Gen. Rosborg honored
By Barbara Arntsen
Published in News on August 13, 2004 1:57 PM
Gen. Eric J. Rosborg, commander of the 4th Fighter Wing at Seymour Johnson Air Force Base, may be leaving for a new assignment, but Wayne County leaders let him know Thursday that they want him back.
Rosborg was given a surprise party at the Goldsboro Country Club, where he received "keys" to Goldsboro and the county.
"The two years he's spent here and all that he's done will carry on for years to come," said City Councilman Chuck Allen. "You are a part of us always. You've got to come back."
Rosborg leaves Seymour Johnson for an assignment at the Pentagon where he will serve as special assistant for warfighting headquarters implementation in the Office of the Vice Chief of Staff, Air Force Headquarters. On Monday, he will turn over the wing's command to Col. Mike Holmes, who is coming from Columbus Air Force Base in Mississippi.
Mayor Al King presented Rosborg with a key to the city, saying that the city didn't give out keys to just anyone.
"You've got to be special to get a key," King said. "And you are special."
J.D. Evans, chairman of the county commissioners, followed King's presentation by giving the general a key to the county.
"You can't get into Goldsboro until you get into the county first," Evans said. "So here's the key to Wayne County."
Evans, King and Allen all emphasized the contributions to the area Rosborg has made.
"I think he's won about every award there is to win since he's been here," Allen said. "I think they even started creating new awards to see if the general could do it."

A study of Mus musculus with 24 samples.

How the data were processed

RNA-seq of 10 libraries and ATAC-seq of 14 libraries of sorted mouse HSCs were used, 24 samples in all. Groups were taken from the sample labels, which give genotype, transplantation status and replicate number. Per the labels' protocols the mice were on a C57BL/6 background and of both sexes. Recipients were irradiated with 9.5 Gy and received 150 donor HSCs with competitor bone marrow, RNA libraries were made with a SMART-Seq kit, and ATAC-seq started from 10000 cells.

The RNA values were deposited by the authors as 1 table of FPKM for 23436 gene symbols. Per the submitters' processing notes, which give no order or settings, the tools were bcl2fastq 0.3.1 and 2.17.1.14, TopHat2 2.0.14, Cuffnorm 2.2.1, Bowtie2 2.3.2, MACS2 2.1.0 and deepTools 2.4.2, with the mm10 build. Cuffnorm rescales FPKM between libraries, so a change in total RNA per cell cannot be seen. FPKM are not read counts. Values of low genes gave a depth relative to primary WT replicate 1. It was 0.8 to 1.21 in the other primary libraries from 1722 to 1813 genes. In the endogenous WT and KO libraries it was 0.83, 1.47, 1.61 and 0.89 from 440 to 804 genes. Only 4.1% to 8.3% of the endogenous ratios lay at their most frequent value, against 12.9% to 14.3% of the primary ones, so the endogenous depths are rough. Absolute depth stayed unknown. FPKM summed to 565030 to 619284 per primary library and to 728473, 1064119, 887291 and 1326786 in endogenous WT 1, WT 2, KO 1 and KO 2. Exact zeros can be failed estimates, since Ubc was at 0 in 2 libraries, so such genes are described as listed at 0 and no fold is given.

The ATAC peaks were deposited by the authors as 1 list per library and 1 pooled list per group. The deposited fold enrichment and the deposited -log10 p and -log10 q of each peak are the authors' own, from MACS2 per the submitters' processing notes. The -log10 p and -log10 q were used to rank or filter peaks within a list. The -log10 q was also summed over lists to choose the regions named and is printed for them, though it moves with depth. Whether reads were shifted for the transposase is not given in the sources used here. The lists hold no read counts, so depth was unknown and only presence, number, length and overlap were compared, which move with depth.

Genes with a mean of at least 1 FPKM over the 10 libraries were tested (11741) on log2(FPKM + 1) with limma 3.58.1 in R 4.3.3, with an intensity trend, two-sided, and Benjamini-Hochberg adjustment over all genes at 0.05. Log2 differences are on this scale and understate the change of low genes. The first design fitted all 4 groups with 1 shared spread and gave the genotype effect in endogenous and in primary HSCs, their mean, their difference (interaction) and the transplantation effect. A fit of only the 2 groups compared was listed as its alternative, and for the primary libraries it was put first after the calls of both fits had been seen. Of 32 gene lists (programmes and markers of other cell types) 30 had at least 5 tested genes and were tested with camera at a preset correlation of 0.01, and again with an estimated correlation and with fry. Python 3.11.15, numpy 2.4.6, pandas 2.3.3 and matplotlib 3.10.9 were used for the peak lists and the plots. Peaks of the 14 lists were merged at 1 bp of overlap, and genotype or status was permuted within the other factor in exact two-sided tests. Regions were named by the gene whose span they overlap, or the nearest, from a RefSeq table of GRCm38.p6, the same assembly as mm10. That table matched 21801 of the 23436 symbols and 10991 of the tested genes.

King said that when Rosborg was approached to lead the committee for the first Sept. 11 commemoration, he immediately said yes.
Rosborg's wife, Elizabeth, and son Matthew were also recognized and given gifts.
Neither the mayor nor Allen could remember the last time someone had been given a key to the city.
The City Council wanted to give it to Rosborg, not only for all his contributions, but because of the close personal relationship that has developed between the general and the city.
"This base has always been the best one on the planet Earth," King said. "But he moved it up three or four notches."
Rosborg said he was surprised and honored by the presentations.
He said that he had no idea he would walk into such a special place when he came to Goldsboro.
"We had no idea what kind of wonderful people we would meet," he said. "Within days you put your arms around us. ... It became obvious we were home in many ways."